Jeffrey Epstein, the billionaire pedophile, died in a presumed suicide a few days ago. I cannot get over how similar his plans were to Jeremy Noyes’s, my perp from med school who now sits in federal prison in Arizona.
I am not just referring to their love of raping children. Jeremy often spoke of having a private island or farm where he would propagate his colony of child sex slaves and work towards creating the perfect race through the use of bought DNA. So did Epstein. In fact, Epstein spent millions seeking the advice of Harvard scientists , hosting a conference on his private island at one point.
Jeremy spoke frequently to others like him online. There was a whole community. I told myself they were lying, that it was all just a sick fantasy world. But, clearly, it was not.
I am a doctor who treats patients for PTSD. They tell me about the powerful men who’ve taken their childhood. They have no reason to lie to me. They don’t speak about it publicly. Oftentimes I’m the only person they’ve told.
Jeffrey Epstein is not an isolated case. He is not a freak. His crimes do not die with him.
There were so many people who knew what Epstein was doing and they did nothing. Made zero effort to save these girls. I cannot comprehend it. I can’t. I risked my life, my children’s live,s my career, everything. I risked everything to try to save one little girl. How is it that children matter so little that we would allow this go on? I didn’t understand it with Sandusky and I certainly don’t here.
It is not a conspiracy theory to not believe Epstein killed himself. In fact, to accept the story that this was suicide is a choice to talk yourself out of obvious reality. Men like Epstein don’t kill themselves. I know. I knew a man like him very well. Epstein’s case clearly held the potential to expose just how widespread the culture of child trafficking is. The media can try to shame me into not saying this publicly all they want. If their lame attempts work on you,you’re part of the problem too. Real shame comes if you have lived as a child sex slave. Shame you will never completely heal from. Boohoo to you, dear reader, if speaking out on this could be embarrassing for you. What would the neighbors think? The real question is, what are the neighbors up to themselves? This isn’t rare.
The choice to turn in a man like Jeffrey Epstein, like Bill Cosby, like Jerry Sandusky, like Jeremy Noyes, is difficult to follow through on but really quite simple to decide on. It is not a morally ambiguous situation. You will never find such a clear ethical quandary: try to stop a child rapist or not. You will not lie on your death bed at the end of your life and say, my only regret is that I turned that predator in. Unfortunately, it doesn’t seem very many of these people are likely to lie there and regret the fact they didn’t. And that truth makes it ever more difficult for survivors to heal. The truth that they’ve done nothing wrong is easy to see, but accepting it and moving on is the most difficult thing anyone will ever have to do.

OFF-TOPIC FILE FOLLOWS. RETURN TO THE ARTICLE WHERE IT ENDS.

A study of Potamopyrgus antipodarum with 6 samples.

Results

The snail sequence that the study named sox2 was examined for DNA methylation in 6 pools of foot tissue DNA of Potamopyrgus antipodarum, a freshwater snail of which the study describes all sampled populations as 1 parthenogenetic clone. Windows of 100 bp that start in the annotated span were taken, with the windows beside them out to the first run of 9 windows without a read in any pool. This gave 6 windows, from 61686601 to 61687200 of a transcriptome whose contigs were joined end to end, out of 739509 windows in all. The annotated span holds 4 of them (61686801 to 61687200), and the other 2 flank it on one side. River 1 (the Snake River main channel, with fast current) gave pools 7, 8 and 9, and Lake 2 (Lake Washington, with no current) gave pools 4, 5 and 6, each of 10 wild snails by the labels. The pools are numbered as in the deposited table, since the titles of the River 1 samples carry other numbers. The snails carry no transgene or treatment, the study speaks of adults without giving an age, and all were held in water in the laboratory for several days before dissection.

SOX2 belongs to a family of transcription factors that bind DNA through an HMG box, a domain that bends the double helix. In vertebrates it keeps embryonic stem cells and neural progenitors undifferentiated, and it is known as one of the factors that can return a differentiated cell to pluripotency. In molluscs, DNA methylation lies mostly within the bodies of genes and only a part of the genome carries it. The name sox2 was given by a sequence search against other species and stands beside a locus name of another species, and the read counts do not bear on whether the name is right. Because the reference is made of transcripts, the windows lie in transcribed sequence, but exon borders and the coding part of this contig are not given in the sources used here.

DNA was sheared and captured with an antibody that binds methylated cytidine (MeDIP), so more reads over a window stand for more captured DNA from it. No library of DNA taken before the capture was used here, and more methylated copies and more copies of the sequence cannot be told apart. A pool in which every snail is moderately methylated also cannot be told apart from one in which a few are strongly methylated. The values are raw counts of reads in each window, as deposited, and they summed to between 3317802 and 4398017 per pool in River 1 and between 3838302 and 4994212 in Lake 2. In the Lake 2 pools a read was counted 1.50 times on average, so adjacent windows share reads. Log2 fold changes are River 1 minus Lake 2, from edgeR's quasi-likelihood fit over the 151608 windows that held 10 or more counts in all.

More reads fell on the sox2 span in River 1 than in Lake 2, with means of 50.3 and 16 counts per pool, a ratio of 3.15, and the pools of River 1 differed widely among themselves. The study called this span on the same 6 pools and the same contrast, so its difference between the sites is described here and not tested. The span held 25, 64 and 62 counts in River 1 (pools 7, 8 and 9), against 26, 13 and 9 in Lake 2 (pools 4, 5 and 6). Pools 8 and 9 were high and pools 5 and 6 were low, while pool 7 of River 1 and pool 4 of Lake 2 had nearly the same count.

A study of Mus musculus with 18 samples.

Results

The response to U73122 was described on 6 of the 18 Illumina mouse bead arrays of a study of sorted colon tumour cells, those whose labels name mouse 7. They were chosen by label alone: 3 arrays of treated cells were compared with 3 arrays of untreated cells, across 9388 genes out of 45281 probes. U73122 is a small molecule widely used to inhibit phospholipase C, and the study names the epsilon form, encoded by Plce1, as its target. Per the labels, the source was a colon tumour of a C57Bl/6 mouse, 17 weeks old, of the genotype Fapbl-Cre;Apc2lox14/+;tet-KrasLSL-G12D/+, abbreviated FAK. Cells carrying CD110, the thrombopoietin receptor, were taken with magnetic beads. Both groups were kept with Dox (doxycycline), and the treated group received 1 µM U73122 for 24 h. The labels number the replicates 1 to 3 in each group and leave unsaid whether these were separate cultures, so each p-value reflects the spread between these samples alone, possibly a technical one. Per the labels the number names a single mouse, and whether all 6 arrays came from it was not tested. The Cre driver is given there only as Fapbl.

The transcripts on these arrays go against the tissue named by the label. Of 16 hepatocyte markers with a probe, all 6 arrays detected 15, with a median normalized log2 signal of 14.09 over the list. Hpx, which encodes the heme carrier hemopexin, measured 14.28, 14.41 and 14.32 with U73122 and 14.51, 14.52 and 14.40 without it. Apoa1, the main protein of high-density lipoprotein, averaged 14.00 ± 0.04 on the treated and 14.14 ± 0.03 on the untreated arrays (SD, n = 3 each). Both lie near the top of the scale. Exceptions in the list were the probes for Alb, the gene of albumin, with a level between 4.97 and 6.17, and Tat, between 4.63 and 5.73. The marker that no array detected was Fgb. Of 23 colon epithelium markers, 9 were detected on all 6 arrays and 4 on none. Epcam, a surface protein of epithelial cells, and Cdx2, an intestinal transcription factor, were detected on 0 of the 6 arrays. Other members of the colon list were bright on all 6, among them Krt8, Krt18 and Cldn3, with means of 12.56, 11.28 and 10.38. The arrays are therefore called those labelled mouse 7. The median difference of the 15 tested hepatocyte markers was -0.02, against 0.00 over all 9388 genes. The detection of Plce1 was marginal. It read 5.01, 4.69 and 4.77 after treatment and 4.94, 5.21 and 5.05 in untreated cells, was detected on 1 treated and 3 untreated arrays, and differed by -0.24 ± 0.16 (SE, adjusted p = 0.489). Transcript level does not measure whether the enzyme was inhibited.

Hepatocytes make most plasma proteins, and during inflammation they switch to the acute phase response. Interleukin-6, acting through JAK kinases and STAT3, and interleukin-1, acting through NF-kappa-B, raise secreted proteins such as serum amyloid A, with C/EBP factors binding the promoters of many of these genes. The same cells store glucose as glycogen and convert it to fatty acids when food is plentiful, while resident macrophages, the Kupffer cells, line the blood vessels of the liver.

I still feel some level of shame when I look at this. I still remember how I was made to feel by my medical school, the medical community as a whole, my family and complete strangers talking about me online. I spent years believing I was a crazy slut and bad mother. I wasn’t even consciously aware of it, but it drove everything I did. Like the trauma itself, the afermath almost cost me my medical career. It almost cost me my life. It stole a lot of things from my children.
Speaking truth is the only antidote to shame so I will tell my story over and over, to anyone willing to listen. I will tell you the heroic parts and the horrific parts and the parts that might make you not like me. To remind myself I did nothing to be ashamed of. They did. And to remind all my fellow survivors out there they’ve done nothing to be ashamed of. They are goddamned heroes and all the many people who failed to protect them are the ones who ought to be ashamed. And that, dear reader, might include you.